Anutin Says Vaccination Campaign Delayed Due to Supply Row

A Nepalese doctor receives AstraZeneca/Oxford University vaccines, manufactured under license by Serum Institute of India at Teaching Hospital in Kathmandu, Nepal on Jan. 27, 2021. Photo: Niranjan Shrestha / AP
A Nepalese doctor receives AstraZeneca/Oxford University vaccines, manufactured under license by Serum Institute of India at Teaching Hospital in Kathmandu, Nepal on Jan. 27, 2021. Photo: Niranjan Shrestha / AP

BANGKOK — The coronavirus vaccination program will not begin this Valentine’s Day as slated earlier, health minister Anutin Charnvirakul announced Friday.

Minister Anutin cited the vaccine supply dispute between AstraZeneca and the European Union as the reason for the new pushback. But the minister insisted that the first shipment of vaccines will still arrive within February, even as some of Thailand’s neighbors in Asia are already going forward with their inoculation.

“The delay is not from us,” Anutin said. “We will reach out to every source of production and ask them to send some of their stock to us before March. We’re trying to negotiate and doing everything we can. If there’s a problem, it’s beyond our control.”

Health officials previously told Khaosod English that the vaccination would officially begin on Feb. 14, but Anutin now said the first shot will not be administered until March, at the earliest.

The government is set to import 200,000 doses of vaccines jointly developed by British-Swedish pharmaceutical AstraZeneca and Oxford University from abroad to fill the gap before the locally made version of AstraZeneca vaccines will be available. It is unclear when that will happen; officials have mentioned either May or June.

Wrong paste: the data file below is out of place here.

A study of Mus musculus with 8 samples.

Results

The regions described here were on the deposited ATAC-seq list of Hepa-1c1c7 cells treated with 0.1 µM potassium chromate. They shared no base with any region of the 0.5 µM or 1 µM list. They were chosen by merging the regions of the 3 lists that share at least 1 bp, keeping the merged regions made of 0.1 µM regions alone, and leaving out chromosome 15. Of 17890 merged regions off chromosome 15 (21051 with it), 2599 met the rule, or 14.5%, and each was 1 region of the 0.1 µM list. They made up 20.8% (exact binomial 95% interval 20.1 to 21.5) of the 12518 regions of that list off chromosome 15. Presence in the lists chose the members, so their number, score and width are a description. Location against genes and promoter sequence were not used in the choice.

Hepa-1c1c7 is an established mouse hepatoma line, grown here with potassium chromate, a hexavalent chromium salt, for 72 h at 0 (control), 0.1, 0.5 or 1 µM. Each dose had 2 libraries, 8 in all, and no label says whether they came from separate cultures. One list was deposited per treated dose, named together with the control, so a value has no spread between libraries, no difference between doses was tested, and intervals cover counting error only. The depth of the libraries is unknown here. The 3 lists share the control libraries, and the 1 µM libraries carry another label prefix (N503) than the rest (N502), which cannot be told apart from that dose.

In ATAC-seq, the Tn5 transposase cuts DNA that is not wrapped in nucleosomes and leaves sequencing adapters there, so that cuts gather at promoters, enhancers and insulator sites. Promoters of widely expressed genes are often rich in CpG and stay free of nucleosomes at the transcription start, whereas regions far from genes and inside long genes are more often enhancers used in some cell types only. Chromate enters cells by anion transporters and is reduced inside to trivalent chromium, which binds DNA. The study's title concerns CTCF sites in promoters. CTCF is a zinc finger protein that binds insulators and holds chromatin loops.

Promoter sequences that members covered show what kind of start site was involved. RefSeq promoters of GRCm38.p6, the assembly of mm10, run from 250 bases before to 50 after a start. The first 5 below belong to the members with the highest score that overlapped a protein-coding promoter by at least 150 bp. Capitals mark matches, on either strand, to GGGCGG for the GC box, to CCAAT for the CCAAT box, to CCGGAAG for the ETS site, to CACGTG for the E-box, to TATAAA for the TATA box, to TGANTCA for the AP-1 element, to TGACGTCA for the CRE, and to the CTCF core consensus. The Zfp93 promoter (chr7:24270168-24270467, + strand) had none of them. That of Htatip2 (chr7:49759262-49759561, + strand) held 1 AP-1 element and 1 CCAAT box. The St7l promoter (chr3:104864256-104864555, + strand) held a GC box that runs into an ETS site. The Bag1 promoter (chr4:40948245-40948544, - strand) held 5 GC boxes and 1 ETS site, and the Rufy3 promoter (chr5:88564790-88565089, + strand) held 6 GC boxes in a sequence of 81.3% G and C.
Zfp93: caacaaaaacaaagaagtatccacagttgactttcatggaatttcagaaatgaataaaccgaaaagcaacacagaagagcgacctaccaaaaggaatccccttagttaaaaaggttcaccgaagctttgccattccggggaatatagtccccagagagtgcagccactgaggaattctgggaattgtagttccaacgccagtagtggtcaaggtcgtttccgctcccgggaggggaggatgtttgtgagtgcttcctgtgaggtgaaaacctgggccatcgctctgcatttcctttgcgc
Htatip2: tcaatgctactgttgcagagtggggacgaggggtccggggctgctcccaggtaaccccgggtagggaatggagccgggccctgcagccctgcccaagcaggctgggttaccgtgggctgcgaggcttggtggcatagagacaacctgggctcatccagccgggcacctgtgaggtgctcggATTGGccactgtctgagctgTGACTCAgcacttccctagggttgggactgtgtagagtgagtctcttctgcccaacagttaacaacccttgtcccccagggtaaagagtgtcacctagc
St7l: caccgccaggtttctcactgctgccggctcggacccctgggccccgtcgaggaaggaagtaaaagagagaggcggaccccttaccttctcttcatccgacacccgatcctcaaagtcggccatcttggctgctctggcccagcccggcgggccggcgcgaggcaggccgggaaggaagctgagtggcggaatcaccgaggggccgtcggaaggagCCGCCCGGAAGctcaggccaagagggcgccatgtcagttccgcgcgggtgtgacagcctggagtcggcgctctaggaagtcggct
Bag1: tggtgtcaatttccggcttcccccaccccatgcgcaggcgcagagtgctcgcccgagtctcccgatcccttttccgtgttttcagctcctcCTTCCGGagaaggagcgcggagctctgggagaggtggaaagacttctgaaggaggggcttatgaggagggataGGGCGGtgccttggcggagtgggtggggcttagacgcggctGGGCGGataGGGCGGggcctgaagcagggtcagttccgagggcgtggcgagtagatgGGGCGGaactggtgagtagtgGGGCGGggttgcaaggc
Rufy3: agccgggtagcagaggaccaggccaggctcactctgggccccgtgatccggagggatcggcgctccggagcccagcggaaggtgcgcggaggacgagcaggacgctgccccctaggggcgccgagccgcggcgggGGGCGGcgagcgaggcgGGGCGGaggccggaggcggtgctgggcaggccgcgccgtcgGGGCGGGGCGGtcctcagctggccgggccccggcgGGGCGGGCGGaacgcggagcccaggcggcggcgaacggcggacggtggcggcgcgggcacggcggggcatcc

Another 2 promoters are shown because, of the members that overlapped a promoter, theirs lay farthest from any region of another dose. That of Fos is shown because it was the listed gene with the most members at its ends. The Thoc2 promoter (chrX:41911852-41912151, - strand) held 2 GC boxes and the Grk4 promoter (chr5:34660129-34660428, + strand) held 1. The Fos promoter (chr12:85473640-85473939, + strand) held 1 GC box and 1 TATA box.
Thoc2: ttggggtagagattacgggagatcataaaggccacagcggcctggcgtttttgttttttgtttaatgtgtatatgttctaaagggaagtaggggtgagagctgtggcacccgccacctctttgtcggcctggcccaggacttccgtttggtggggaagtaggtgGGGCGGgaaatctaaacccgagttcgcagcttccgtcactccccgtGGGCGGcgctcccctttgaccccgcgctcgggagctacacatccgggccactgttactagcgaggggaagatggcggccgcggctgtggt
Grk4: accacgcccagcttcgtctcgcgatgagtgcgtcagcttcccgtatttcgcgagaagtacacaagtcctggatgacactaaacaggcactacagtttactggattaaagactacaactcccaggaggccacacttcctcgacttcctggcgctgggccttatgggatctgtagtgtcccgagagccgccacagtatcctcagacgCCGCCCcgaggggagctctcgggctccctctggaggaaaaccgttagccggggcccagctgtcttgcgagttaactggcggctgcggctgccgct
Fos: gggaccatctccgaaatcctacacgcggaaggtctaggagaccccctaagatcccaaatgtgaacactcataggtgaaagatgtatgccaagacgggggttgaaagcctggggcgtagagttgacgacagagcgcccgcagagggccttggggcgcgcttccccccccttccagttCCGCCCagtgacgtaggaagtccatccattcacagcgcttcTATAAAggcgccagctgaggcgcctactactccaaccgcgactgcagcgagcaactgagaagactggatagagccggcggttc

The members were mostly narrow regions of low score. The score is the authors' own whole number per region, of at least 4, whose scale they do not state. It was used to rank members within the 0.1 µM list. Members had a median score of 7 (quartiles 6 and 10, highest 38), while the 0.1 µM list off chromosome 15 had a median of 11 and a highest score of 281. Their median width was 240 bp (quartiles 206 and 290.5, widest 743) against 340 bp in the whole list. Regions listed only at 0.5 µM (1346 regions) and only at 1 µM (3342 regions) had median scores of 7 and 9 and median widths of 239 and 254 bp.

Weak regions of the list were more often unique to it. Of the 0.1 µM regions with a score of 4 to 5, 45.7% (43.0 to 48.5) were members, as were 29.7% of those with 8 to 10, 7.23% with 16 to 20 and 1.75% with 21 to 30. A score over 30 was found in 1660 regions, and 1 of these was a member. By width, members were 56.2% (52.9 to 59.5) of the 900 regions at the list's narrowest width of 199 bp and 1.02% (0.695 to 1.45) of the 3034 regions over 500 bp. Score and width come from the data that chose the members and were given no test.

Many uncertainties lie ahead in the country’s ambitious plan to inoculate at least more than half of its population within this year as government officials keep pushing back the target date for the vaccine rollout.

AstraZeneca vaccine was approved for emergency use by the Food and Drug Administration last week. But the FDA will still have to inspect each batch of the incoming vaccines before they can be used in Thailand, potentially a cause for yet another delay.

“The vaccines are set to be available in March,” Anutin said. “When the vaccines arrive in Thailand, it must go through an inspection process.”

The first group of people to be inoculated will be frontline healthcare workers and vulnerable populations such as those living with diabetes, obesity, and chronic obstructive pulmonary disease in the provinces hardest hit by the virus, officials said.

Some other nations in the Asian region, most notably Indonesia and India, have already started their bid to vaccinate their populations against COVID-19, prompting many government critics to question why Thailand is lagging behind.